North Korea Threatens Nuclear Attack

Kim Jong Un looked on last Friday as North Korea fired a short-range missile off its east coast. This event is the latest in a series of North Korean missile launches in response to what the media has called an extended period of elevated military tension on the Korean peninsula, triggered by Pyongyang’s fourth nuclear test on January 6. 

Friday’s launch came in the middle of the two-day Nuclear Security Summit in Washington D.C., where President Obama had hoped to meet with South Korean President Park Geun-hye and Japanese Prime Minister Shinzo Abe to “discuss common responses to the threat posed by North Korea and to advance areas of trilateral security cooperation in the region and globally.”

The U.S. has been particularly eager to encourage better relationships between its two biggest allies, as well as China, because it fears that in the absence of unilateral action, North Korea will continue to grow, and eventually use, its weapons stockpile. 

North Korea has already devoted considerable resources to building nuclear weapons, about 10 to 16 warheads, and is working on an intercontinental ballistic missile for delivering them. If it succeeds, North Korea will be the first country this century to develop nuclear weapons with the capability to reach the United States. Major cities including New York and Washington are particularly at risk.

Last Saturday, the North Korean state media released a propaganda film titled “Last Chance,” showing a submarine-launched nuclear missile destroying the Capitol building. This film comes on the heels of strict economic sanctions, similar to those recently lifted in Iran, that the United States placed on North Korea following their nuclear test in January.

The UN also imposed the strongest sanctions on North Korea in over two decades. The UN resolution instructs countries to inspect all cargo to and from North Korea, cut off shipments of aircraft and rocket fuel, ban all weapons sales and restrict all revenues to the government unless for humanitarian purposes.

Countries are also required to expel North Korean diplomats affiliated with illicit programs and to honor the long list of sanctioned individuals and entities. According to Adam Szubin, the Treasury’s top sanctions official, the U.S. “will work closely with our international partners to continue in a strong and unambiguous way to pressure North Korea to abandon its illicit nuclear and ballistic missile programs.” 

In recent weeks, Pyongyang has also upped the rhetorical ante with daily threats of nuclear and conventional strikes against South Korea and the U.S. mainland in response to large-scale South Korea-U.S. war games. In a statement issued on Monday, the North Korean National Defense Commission affirmed that it would take a “pre-emptive and offensive nuclear strike” in response to the exercises.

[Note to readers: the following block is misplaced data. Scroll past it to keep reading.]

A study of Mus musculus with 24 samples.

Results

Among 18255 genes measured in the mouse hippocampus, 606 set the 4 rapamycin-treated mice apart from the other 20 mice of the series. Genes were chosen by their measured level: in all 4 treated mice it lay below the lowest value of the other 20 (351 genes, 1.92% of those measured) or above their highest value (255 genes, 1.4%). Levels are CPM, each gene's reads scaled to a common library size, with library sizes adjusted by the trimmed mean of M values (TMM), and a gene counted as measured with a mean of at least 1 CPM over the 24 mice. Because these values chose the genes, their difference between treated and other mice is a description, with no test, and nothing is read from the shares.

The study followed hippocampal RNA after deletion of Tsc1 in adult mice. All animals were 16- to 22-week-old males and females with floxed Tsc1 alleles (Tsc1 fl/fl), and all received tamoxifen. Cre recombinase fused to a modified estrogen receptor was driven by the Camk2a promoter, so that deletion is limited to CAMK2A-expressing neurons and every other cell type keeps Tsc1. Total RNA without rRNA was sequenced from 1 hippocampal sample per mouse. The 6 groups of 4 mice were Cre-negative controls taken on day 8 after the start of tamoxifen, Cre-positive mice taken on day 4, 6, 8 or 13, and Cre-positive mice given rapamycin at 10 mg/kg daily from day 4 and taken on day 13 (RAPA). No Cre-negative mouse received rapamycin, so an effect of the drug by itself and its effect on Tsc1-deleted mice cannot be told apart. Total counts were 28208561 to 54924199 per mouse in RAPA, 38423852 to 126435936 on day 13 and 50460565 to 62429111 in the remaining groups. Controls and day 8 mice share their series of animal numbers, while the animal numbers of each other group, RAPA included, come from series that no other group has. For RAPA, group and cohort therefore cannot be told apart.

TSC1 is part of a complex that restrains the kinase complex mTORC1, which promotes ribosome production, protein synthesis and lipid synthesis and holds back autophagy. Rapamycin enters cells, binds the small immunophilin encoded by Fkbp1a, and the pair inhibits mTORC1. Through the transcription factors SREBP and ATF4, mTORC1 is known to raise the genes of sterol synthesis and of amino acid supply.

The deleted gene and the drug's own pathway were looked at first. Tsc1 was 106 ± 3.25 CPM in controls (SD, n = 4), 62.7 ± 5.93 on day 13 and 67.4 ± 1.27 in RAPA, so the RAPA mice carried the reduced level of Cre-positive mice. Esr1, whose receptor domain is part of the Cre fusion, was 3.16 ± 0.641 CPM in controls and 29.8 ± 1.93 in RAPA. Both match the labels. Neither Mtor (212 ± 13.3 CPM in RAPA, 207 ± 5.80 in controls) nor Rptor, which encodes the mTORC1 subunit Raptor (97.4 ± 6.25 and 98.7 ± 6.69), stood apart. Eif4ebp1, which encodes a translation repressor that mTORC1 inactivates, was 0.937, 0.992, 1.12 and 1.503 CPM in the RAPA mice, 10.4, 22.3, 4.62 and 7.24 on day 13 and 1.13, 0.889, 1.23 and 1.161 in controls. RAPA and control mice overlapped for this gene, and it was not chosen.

The statement additionally said that North Korea has “a military operation plan … to liberate South Korea and strike the U.S. mainland ratified by our dignified supreme headquarters.”

This year’s annual spring exercises in South Korea are some of the biggest ever, involving 17,000 U.S. troops and around 300,000 

South Korean troops. The goal of these exercises is to ensure readiness for any North Korean attack through a combination of battlefield and computer-simulated exercises.

Preparation for nuclear proliferation has taken precedence as officials are even more conscious of the threat that North Korea poses to major American cities following the terrorist attacks in Paris and Brussels. They fear that North Korea will aid ISIS and other terror groups in obtaining nuclear material or other radiological material needed to make a dirty bomb. If detonated, the blast from these weapons can kill thousands and spread cancer-causing substances over a vast area, triggering panic and evacuations. 

“Even if it is small, such an incident would create such havoc in the world that you have to take it quite seriously,” said former Ambassador Wendy Sherman, who spearheaded U.S. nuclear negotiations with Iran and North Korea.

A dirty bomb detonated in a major city could cause tens of billions of dollars in economic damage. People and businesses would have to be relocated while the contamination is cleaned up, and few would be inclined ever to go back. 

The growing threat of nuclear proliferation has caused many Americans to question whether or not we should build up our own weapons stores. While increasing the stock of such weapons may increase our security in the short run, it could lead to an arms race with North Korea similar the one that occurred during the Cold War.

Instead of starting an arms race, President Obama hopes to approach the North Korea question through non-violent means, namely by working with regional powers to cripple North Korea’s economy. In the meantime, officials should continue to monitor the situation closely and prepare for the possibility of mobilization and violence.